What’s Area 404 For?

Danielle Beurteaux

Sometimes it’s easy to forget that Facebook is more than a way to keep abreast of your middle school friends’ fascinating life updates.

The tech giant does so much more. And it’s just opened a new facility to develop what will possibly be the next greatest thing in tech.

Facebook’s new Area 404 – named after the all-too-familiar error code – sees the company bringing R&D back in-house, large format-style.

The 22,000 square feet inside the company’s Menlo Park, Calif., location is full of lab and fabrication space and tools. It’s an ambitious DIYer’s dream come true. There are things you’d expect, like drills, computer numeric control (CNC) machines, a lathe, etc. There’s also cool stuff like an electron microscope with 10,000x magnification and a CT scanner.

The company is aiming to build “next-generation hardware.” The problem really came to light when Facebook’s own engineers were trying to develop projects but couldn’t access the tools to do so. Many of Facebook’s initiatives were done in isolated teams and relied on exterior resources. Recognizing that an in-house collaborative model was a better choice – for access, sharing ideas, and simple practicality – it dedicated a space that’s just under half a football field.

Collaboration is really a driver for this project. One reason the company dedicated so much physical space is because it wants to give hardware engineers who are usually located in different places somewhere to work together in person. What with projects like Oculus in one location and Aquila in another, the company realized the fragmented nature of the work being done wasn’t necessarily the best way to innovate.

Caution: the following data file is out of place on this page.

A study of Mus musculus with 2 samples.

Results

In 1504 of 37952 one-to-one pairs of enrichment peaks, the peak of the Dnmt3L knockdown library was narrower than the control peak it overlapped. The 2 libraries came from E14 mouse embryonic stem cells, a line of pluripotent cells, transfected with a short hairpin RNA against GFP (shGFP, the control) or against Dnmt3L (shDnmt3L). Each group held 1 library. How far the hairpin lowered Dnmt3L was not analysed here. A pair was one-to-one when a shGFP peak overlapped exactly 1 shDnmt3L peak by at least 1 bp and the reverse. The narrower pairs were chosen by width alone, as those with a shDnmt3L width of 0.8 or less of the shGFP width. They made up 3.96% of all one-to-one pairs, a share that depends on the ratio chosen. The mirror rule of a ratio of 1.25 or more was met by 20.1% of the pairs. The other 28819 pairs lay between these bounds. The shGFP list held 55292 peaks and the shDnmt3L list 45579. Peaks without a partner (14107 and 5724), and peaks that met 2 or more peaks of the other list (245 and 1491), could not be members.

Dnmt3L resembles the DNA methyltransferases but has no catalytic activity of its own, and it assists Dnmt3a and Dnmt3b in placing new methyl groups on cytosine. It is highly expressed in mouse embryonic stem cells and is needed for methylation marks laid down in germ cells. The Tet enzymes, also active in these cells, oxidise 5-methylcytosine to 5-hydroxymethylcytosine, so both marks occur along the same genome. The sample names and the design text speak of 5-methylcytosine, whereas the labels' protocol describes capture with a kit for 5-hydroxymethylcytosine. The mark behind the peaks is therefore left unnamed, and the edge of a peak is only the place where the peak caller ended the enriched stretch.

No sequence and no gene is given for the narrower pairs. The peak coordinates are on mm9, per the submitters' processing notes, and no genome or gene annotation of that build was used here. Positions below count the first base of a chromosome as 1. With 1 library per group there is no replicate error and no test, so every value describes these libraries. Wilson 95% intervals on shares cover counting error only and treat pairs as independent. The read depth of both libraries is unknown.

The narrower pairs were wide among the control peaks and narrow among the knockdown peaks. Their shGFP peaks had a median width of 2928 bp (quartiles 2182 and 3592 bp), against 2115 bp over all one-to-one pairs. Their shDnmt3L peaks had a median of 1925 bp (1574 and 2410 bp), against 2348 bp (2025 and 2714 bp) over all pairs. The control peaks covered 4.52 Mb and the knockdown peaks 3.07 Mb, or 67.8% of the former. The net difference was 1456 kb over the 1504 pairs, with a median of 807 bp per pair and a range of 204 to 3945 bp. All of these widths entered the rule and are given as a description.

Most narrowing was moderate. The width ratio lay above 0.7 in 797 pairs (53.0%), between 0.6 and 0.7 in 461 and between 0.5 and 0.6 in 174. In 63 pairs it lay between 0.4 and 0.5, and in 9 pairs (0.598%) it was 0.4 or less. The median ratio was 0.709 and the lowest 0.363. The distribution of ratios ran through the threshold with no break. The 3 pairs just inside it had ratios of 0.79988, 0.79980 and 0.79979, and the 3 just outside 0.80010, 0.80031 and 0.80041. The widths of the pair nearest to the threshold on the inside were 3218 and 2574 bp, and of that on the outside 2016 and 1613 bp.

Another reason is efficiency. Facebook realizes that doing much of this work in its own lab, instead of outsourcing to outside vendors, cuts down on the time to develop. Mark Zuckerberg had already announced during the F8 developers conference talk last spring that some of its focus will be on developing tech for drones, VR, AR, satellites, and AI. Like the solar-powered Aquila drone, which flew a first test flight last month.

And Facebook’s also on-trend. Companies are realizing that cross-functional collaboration is key to creating innovative products and doing it quickly, and then getting them to market fast. In Facebook’s case, its hardware projects have plenty of competition as money pours into VR and AI tech and other future tech, although its goal isn’t necessarily to sell its hardware projects – Oculus aside – but to make them available as part of the tech ecosystem.

But making the switch isn’t easy, according to McKinsey – it means moving away from the traditional philosophy of siloed work into something a bit more adaptable.

Facebook is betting on proximity to speed innovation. It will be interesting to see what this meeting of minds creates.

The fourth industrial revolution – hyperconnectivity – is here, and there’s no going back. Learn more about Live Business: The Digitization of Everything.

Image: Facebook


Danielle Beurteaux

About Danielle Beurteaux

Danielle Beurteaux is a New York–based writer who covers business, technology, and philanthropy. Her work has appeared in The New York Times and on Popular Mechanics, CNN, and Institutional Investor's Alpha, among other outlets.